As of July 6th, APS offices are open to staff and invited visitors. The Society will remain closed to the public for at least the rest of the summer. Library & Museum staff now have access to our collections and will respond to reference and photoduplication requests as soon as possible. However, please note that response times may be delayed due to increased demand. The Society will continue a robust slate of virtual programs throughout the summer and fall. Read more about virtual programming and resources that can be accessed remotely. For further information on the APS reopening and its COVID response, please click here.

Historic Meteorological Records at the APS

As part of the Open Data Initiative, the Center for Digital Scholarship  (CDS) has turned its focus toward the historic meteorological records held within the Library's collections. Due to the less-accessible nature of handwritten data, reliable sets of instrument-based meteorological records, calculated before the mid-19th century, have been underutilized and often overlooked. This multi-year open data project will see the digitization and transcription of these valuable records and offer users unprecedented access to data that is ripe for analysis and will have implications for scholars of climate change, environmental history, the history of science and technology, and much more.

This project is a part of a collaboration between the CDS, the Papers of Thomas Jefferson documentary edition at Princeton University, and the Center for Digital Editing at the University of Virginia to create free-access digital resources from these significant but previously underutilized sets of records of weather, climate, and seasonal change in the period of the early republic.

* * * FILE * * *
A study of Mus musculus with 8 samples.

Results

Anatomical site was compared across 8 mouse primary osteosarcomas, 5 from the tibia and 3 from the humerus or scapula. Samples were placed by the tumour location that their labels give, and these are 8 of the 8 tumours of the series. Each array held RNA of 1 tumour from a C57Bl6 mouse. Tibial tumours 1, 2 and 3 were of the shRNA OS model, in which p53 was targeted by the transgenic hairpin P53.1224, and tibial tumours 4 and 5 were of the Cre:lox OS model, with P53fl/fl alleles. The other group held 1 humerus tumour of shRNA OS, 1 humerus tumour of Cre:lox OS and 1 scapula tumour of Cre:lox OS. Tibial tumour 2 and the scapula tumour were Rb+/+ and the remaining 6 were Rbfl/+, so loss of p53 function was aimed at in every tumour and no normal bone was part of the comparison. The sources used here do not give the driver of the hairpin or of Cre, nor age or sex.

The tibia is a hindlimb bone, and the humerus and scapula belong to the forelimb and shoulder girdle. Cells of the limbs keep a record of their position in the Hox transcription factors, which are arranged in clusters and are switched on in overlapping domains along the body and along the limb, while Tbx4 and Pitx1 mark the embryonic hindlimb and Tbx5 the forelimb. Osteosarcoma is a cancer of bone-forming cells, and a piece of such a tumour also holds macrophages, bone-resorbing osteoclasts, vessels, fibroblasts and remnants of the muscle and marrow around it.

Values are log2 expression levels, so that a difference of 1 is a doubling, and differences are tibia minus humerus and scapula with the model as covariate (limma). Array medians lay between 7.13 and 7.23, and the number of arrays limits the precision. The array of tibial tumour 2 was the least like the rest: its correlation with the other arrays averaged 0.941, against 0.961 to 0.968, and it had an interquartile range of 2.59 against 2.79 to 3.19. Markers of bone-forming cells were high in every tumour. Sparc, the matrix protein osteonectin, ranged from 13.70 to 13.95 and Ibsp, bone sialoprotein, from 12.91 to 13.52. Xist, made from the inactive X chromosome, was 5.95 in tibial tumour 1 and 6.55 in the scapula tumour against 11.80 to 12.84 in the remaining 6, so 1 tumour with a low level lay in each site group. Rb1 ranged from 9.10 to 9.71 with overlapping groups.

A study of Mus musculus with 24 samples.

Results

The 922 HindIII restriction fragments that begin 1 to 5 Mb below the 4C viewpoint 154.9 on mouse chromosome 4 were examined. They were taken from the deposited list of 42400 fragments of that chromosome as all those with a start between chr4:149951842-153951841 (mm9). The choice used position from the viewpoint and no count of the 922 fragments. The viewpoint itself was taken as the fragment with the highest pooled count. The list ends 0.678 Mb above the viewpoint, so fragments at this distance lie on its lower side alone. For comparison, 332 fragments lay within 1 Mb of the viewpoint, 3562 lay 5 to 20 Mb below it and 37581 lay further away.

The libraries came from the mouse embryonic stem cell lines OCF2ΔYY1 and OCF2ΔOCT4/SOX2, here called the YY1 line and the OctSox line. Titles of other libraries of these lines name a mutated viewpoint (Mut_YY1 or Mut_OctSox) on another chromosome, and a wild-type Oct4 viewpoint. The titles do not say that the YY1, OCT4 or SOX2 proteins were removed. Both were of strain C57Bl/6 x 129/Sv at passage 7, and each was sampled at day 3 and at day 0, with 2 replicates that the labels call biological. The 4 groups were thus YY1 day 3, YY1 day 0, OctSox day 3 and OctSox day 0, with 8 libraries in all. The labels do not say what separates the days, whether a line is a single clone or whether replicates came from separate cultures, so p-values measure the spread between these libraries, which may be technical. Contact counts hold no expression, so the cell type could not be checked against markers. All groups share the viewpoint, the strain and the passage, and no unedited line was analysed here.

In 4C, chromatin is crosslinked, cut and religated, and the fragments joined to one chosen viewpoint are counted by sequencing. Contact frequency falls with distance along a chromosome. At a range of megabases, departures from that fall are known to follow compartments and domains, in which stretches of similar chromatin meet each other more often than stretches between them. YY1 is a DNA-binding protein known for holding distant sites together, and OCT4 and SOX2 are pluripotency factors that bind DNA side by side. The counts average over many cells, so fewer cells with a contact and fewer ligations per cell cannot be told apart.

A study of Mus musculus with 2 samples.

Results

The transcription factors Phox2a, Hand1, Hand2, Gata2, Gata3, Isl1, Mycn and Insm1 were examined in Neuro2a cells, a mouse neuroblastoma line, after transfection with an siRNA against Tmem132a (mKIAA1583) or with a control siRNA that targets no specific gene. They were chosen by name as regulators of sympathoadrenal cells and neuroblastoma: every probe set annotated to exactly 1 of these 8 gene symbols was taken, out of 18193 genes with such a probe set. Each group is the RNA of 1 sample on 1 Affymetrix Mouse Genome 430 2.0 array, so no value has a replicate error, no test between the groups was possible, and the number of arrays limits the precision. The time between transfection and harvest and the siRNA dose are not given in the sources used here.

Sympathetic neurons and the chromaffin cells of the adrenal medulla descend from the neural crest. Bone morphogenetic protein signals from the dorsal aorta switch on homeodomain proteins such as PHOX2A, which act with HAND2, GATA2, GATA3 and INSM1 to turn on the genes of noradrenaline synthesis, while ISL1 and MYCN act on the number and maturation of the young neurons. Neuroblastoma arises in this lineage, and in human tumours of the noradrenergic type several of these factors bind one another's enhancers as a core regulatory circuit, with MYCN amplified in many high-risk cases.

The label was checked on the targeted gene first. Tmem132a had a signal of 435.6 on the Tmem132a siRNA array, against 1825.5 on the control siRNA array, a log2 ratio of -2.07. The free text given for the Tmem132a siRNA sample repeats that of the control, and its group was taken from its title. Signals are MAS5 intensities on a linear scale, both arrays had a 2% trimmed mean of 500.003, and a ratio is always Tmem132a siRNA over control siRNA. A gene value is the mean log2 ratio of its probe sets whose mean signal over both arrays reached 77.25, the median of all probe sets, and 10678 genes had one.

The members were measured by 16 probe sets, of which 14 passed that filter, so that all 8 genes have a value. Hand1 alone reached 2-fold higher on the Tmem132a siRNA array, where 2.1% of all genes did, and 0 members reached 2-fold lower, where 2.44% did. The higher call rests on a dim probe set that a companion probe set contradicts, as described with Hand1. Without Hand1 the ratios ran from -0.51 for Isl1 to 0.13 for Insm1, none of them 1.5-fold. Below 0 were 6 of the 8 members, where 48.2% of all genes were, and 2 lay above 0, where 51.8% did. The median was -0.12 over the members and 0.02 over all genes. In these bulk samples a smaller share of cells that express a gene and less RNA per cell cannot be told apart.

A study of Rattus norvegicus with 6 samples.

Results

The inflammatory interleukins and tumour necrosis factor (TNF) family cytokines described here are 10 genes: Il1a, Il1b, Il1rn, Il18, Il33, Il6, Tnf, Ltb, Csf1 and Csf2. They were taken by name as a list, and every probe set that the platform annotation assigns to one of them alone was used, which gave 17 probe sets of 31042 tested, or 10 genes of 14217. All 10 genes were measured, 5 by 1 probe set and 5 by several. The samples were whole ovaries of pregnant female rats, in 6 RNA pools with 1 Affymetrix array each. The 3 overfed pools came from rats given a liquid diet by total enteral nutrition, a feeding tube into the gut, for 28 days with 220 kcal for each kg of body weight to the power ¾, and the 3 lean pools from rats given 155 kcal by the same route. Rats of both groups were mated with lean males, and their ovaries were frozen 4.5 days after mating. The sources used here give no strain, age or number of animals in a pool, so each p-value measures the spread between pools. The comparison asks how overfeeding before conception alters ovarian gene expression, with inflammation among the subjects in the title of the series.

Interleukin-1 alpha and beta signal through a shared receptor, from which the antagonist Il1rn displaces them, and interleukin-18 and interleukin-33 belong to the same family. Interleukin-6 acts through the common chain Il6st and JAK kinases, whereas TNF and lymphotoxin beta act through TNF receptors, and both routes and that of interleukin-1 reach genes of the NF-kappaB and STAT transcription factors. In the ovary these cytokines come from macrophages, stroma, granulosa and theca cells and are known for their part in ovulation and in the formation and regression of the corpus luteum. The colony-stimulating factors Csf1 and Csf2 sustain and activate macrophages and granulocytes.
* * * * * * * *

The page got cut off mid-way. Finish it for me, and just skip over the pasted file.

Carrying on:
The initial phase of the project focused on James Madison's weather diaries held at the APS. Madison was a natural starting place for the project. Not only was he an APS Member, he was also inspired by his close friend Thomas Jefferson. While Jefferson's interest in recording the climate was certainly linked to plantation farming, he was also motivated by national pride. French naturalist Georges-Louis Leclerc, the Comte de Buffon, sparked Jefferson's ire when he described the climate of the American colonies as "degenerative," leading to a smaller and less diverse array of flora and fauna. Jefferson set out to disprove this theory and built a small army of citizen scientists, including Madison. Madison learned Jefferson's method and recorded daily weather conditions at his plantation in Montpellier from 1784–1793. Alongside meteorological data (which often include temperatures and wind directions), Madison also recorded notes pertaining to gardening and harvesting, sightings of the northern lights, and other weather phenomena. The data found within Madison's diaries follow a nearly identical structure to Jefferson's, making it a good fit for this collaborative project. 

During the summer of 2020, the CDS worked with Northeastern Experiential Fellow, Molly Nebiolo (Northeastern University) and Martin L. Levitt Fellow, Joe Makuc (Temple University), to digitize, transcribe, and release Madison's records to the public. While providing access to this newly opened information is an important first step, showing users what they can do with the data is of equal value. To this end, Nebilo and Makuc dove into the data to see what sorts of stories could be told. The following sections of this exhibition are the culmination of this work.